Closures of drink-led establishments in the UK is slowing down, says the new edition of the Market Growth Monitor from CGA and AlixPartners.
It found that closures of drink-led pubs and bars averaged 3.6 a day in the last five years, but in the last 12 months that rate slowed to 2.2 a day, largely, suggests the research, thanks to the heatwave, the World Cup and the ‘rising popularity’ of craft beer, cocktails and artisan spirits.
The report also said that the number of casual dining restaurants in Britain fell for the first time in nine years as several chain operators were forced to close branches.
It said that the number of casual dining outlets slipped by 0.1% from December 2017, through the total number of managed restaurants in Britain in December 2018 was 5,780 —27.3% or 1,241 more than just five years ago.
There was a 0.9% drop to December 2018 everywhere apart from London, where there was a 1.5% rise. Managed restaurant numbers on the high street dipped 1.1% year on year, while suburban areas recorded 2.2% growth.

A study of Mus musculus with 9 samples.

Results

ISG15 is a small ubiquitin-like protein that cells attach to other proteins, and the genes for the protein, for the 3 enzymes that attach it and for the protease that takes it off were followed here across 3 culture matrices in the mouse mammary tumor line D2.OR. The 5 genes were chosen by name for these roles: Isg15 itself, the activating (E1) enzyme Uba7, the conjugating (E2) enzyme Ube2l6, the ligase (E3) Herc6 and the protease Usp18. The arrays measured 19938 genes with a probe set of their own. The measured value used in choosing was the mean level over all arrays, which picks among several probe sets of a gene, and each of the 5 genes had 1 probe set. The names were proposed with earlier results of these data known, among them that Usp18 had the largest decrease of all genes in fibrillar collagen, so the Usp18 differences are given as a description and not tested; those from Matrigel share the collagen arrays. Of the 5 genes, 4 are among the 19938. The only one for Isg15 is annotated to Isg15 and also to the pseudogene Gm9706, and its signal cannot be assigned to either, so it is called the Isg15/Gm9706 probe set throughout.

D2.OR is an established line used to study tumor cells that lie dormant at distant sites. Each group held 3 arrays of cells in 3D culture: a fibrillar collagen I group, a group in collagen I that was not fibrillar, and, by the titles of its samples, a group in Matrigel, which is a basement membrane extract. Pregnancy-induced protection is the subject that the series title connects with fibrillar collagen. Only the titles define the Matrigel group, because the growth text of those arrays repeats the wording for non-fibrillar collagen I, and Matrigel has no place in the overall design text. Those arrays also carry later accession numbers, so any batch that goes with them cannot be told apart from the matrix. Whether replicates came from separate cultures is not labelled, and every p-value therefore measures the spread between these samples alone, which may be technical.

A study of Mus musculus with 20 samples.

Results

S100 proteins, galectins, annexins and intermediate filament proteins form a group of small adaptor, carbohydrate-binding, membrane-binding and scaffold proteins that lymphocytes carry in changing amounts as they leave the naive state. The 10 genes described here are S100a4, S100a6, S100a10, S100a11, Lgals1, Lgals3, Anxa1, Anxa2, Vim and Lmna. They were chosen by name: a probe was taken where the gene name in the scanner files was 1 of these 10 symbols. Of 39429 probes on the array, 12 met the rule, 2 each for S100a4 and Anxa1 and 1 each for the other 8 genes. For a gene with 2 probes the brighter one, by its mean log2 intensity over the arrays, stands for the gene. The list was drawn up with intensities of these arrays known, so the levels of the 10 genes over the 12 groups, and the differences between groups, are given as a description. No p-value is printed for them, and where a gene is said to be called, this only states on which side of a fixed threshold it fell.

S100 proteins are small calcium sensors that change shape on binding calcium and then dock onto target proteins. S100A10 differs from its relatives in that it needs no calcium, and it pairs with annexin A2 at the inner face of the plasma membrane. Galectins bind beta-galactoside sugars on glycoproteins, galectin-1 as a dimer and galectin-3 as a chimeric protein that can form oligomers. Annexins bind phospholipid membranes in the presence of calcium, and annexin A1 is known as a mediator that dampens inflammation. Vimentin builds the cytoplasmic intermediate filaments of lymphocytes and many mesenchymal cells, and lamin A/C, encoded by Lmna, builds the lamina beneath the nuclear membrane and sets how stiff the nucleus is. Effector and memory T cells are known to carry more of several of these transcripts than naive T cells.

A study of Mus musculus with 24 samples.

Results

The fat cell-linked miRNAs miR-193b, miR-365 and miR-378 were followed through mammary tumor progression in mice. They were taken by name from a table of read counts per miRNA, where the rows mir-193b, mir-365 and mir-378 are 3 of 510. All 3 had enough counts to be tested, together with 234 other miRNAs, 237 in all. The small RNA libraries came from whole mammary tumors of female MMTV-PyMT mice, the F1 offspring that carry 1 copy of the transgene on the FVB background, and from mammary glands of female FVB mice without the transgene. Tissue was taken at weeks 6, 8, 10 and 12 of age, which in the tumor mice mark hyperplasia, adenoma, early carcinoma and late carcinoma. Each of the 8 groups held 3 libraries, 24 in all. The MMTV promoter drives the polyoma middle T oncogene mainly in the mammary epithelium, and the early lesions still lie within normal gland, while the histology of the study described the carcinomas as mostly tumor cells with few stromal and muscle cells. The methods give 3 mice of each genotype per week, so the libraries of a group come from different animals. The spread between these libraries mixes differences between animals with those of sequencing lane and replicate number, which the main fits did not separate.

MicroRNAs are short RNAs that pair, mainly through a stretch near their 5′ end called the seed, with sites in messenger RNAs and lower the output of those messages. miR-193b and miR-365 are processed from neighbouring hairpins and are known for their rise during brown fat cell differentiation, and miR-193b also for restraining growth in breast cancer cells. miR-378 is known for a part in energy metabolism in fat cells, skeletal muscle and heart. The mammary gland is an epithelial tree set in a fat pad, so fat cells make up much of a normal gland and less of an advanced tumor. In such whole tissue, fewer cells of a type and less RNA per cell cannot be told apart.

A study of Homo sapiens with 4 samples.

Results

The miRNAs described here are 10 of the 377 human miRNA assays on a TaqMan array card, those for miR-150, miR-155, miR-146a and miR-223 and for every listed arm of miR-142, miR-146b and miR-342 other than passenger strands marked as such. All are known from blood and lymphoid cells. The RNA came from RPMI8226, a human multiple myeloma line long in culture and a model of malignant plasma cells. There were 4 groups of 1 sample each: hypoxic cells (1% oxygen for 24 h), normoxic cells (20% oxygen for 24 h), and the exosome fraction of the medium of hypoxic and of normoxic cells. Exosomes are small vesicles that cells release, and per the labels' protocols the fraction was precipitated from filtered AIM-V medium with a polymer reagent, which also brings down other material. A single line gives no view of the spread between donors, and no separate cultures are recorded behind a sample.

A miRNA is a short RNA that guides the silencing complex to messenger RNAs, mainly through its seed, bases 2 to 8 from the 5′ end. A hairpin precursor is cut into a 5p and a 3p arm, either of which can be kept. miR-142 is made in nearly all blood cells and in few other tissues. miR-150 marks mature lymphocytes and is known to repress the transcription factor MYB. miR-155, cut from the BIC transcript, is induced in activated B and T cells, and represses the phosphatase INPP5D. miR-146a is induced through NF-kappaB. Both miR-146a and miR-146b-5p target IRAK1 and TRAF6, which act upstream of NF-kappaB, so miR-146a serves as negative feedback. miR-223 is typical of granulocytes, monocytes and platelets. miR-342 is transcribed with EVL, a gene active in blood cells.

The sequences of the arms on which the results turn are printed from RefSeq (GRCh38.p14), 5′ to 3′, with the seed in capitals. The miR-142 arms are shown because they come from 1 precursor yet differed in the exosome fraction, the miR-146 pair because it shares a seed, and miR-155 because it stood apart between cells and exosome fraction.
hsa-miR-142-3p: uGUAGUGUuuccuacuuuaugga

CGA vice-president Peter Martin said, “The boom in managed restaurants has been one of the British economy’s great success stories of the past decade. However, after a string of closures and company voluntary arrangements in the casual dining sector in the past 12 months, the sector is now in net decline – albeit a very modest one. We can expect to see further contraction in numbers over the course of 2019. Many casual dining brands continue to thrive and we are seeing continued strong growth for small and medium-sized groups in particular. With consumer drinking trends working in the sector’s favour and food-led pub operators facing the same challenges as managed restaurants, the outlook for drinkers’ pubs is better than it has been for a long time.”
AlixPartners managing director Graeme Smith added, “The more positive outlook for pubs and bars is reflective of the buoyant mergers and acquisitions activity in the sector. This reflects not only the saturation of certain parts of the restaurant market but also the combination of reduced supply and the continued rise of quality wet-led pub and bar operators.”